TextEditor in SwiftUI

Posted in SwiftUI

Updated on May 15th, 2021

⏱ Reading Time: 5 mins

SwiftUI is great, but it has been lacking of specific native controls, even though that gets much better year by year. One of them was the text view. When SwiftUI was first released, it had no native equivalent of the text view; implementing a custom UIViewRepresentable type to contain UITextView was the only way to go. But since iOS 14, SwiftUI introduces TextEditor, a brand new view to write multi-line text.

Using TextEditor is almost as simple as any other SwiftUI view, with most of common view modifiers to apply here too. The fastest way to use it is to start typing TextEditor and follow Xcode’s auto-suggestion.

The argument must be a String binding value, usually a state property, or any other source of truth that gives us a binding value:

Note that using the Binding property wrapper’s constant() method with a default text makes the text editor practically unusable. Editing text is impossible, just because the binding value is a constant and cannot be changed. Also, don’t let the “Placeholder” value added automatically by Xcode trick you. It’s just a piece of text, and not a real placeholder that will be replaced by actual text while writing, as it happens with the TextView.

TextEditor basics

So, the most common way to get started with TextEditor should be similar to the following:

While typing, any new additions or changes to the text will be stored to the text state property through the two-way binding value. However, doing just that as the bare minimum implementation has a strange side effect; text is appearing out of the safe area boundary:

Text editor with text out of the safe area

This happens automatically, but the way to work around it is simple; adding some padding will place text in the proper position:

Text editor with properly placed text

Of course, you can set different padding for the horizontal and vertical alignment, as well as for each edge separately:

TextEditor can be formatted using all familiar view modifiers that apply to other SwiftUI views as well. For example, it’s easy to set a font or a foreground color:

Text editor with foreground color and custom font

TextEditor and background color

What seems not to be so straightforward is setting the background color of the text editor. Let’s start with the obvious way to do so:

Text editor with background color only in padding area

As you can see in the above image, background color affects the padding area, but not the editor’s background; it is still using the default system color.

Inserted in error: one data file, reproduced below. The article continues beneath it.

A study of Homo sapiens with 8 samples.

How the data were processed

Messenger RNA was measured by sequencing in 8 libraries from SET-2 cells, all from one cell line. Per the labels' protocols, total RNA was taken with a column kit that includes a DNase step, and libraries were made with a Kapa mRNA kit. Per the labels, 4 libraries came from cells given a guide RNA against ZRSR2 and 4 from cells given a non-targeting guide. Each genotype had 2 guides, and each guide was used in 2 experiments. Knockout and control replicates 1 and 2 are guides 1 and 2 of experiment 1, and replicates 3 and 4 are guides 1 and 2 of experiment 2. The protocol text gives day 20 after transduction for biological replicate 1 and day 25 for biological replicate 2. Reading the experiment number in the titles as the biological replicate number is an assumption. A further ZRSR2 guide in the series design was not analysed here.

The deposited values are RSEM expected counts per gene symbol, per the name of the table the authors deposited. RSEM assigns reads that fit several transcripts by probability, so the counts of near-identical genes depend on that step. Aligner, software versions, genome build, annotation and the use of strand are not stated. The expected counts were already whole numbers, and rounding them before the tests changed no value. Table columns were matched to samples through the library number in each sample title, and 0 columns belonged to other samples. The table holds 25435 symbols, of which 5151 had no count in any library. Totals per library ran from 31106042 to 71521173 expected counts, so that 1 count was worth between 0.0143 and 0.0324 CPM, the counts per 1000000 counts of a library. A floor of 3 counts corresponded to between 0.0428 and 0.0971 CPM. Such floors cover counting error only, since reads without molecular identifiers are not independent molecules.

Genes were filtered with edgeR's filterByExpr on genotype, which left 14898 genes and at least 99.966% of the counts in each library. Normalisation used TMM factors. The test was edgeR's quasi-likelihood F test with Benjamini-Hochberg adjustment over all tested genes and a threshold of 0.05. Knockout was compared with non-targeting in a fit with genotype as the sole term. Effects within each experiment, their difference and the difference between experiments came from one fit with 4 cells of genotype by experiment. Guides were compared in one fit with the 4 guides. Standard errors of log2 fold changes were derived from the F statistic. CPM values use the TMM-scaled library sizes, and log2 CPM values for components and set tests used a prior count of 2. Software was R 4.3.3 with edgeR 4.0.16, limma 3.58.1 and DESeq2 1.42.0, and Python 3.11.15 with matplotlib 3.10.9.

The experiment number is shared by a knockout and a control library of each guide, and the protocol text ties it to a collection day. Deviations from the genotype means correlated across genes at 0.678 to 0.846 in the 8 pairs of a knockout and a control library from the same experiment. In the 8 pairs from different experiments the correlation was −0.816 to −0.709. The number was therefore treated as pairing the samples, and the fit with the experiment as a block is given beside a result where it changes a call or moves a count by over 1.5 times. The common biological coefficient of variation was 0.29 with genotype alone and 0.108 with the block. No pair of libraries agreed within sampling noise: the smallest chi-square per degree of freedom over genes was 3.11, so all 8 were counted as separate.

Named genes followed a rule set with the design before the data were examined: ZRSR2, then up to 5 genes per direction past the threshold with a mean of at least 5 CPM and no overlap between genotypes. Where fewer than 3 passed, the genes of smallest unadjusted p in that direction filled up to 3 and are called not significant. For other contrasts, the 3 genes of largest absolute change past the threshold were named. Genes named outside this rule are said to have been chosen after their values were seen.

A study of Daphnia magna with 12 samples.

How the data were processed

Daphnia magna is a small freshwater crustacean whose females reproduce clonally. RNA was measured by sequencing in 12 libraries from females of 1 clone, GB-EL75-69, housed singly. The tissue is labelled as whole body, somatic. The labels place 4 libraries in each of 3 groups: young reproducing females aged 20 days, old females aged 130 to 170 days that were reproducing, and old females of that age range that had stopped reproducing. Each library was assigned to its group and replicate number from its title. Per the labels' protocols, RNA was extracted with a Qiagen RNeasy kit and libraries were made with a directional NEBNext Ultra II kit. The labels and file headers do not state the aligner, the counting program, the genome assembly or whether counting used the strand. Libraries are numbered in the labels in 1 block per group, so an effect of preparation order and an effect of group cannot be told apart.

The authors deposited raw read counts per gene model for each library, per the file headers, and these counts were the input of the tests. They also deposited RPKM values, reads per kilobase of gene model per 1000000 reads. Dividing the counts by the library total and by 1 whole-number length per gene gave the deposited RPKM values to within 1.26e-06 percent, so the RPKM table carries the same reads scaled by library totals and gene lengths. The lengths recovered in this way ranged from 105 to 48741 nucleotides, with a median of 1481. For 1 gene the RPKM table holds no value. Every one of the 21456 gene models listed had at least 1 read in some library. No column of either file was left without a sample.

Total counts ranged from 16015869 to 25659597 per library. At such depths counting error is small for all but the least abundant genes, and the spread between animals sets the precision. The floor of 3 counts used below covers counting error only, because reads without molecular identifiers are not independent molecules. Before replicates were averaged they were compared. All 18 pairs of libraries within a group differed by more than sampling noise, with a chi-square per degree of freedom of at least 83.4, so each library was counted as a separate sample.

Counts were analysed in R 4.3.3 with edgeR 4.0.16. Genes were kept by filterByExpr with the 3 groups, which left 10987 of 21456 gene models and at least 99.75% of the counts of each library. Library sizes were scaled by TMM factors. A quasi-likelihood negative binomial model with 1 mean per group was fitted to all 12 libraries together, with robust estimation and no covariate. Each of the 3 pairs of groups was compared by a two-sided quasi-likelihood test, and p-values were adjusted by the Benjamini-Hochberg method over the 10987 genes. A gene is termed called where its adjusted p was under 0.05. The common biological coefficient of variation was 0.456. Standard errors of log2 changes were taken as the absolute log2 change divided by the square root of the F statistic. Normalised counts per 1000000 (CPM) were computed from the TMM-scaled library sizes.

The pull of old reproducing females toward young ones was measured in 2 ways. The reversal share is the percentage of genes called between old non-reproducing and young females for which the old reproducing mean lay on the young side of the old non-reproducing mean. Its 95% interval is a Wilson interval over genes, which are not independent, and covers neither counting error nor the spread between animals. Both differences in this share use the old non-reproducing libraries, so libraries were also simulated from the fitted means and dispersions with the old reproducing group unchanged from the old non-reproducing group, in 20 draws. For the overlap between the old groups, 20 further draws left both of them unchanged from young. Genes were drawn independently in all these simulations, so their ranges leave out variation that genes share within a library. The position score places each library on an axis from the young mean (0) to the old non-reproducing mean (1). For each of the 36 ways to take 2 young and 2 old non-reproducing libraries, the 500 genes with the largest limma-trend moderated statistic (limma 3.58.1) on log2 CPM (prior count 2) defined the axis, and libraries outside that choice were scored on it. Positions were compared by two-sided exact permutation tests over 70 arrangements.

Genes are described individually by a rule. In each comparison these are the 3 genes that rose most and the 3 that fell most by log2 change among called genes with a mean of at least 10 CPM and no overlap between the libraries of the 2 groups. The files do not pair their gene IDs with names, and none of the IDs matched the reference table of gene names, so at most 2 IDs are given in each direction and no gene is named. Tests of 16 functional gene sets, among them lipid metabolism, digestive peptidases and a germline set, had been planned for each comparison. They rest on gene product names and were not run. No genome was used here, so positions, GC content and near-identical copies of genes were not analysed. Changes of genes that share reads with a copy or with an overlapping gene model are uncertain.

The reason of the above behavior lies to the fact that TextEditor in based on UITextView. In order to make it possible to apply a custom background, it’s necessary first to remove the default UITextView’s background color. For that purpose, it’s required to explicitly implement the init() method of the view’s structure, and add a single line of code that will do the trick there:

Now the TextEditor can show the custom background color:

Text editor with fixed background color

Reacting on text changes

Detecting changes on text and reacting on them is pretty easy with TextEditor. Let’s see that through a simple example.

Suppose that you have an app where you want to limit the number of allowed characters to 150. Also, you want to show how many characters have been typed, and indicate it visually with a progress view.

In order to achieve that we’ll need the following three state properties:

text property will be storing the typed text. totalChars will hold the text length, meaning the number of typed characters, and lastText will store the current text on each change.

Now, let’s put together a TextEditor and a ProgressView in a VStack, doing all the necessary configuration with view modifiers at the same time:

See that a specific frame is set to the text editor, while rounding its corners at the same time. The above gives us the following:

Text editor and progress view

In order to track text changes, it’s necessary to use the onChange(of:perform:) view modifier with the TextEditor view:

The above closure will be called with every single keystroke from now on. Updated text is contained in the text parameter value.

There are two things to do according to the described scenario in this closure; the first is to keep the number of typed characters so the progress view and its label to be updated properly:

The second is to check the text’s length. If it’s less than 150 characters, then we just keep current text to the lastText property. Otherwise, we replace any new text with lastText:

Here is that simple scenario in action:

Text editor with text count


Using TextEditor in SwiftUI in order to provide multi-line text editing capabilities is generally a straightforward task. It has a couple of peculiarities as you saw in this post, however, but getting around them is easy. Finally, observing for text changes hides no complexity at all, and it’s the place to implement any custom logic reacting to user input. Note that TextEditor is available in iOS 14 and above, so if you’re aiming on iOS 13 as well then you will need to integrate UITextView too with a custom UIViewRepresentable type. Thank you for reading!

You can find this post published on Medium too!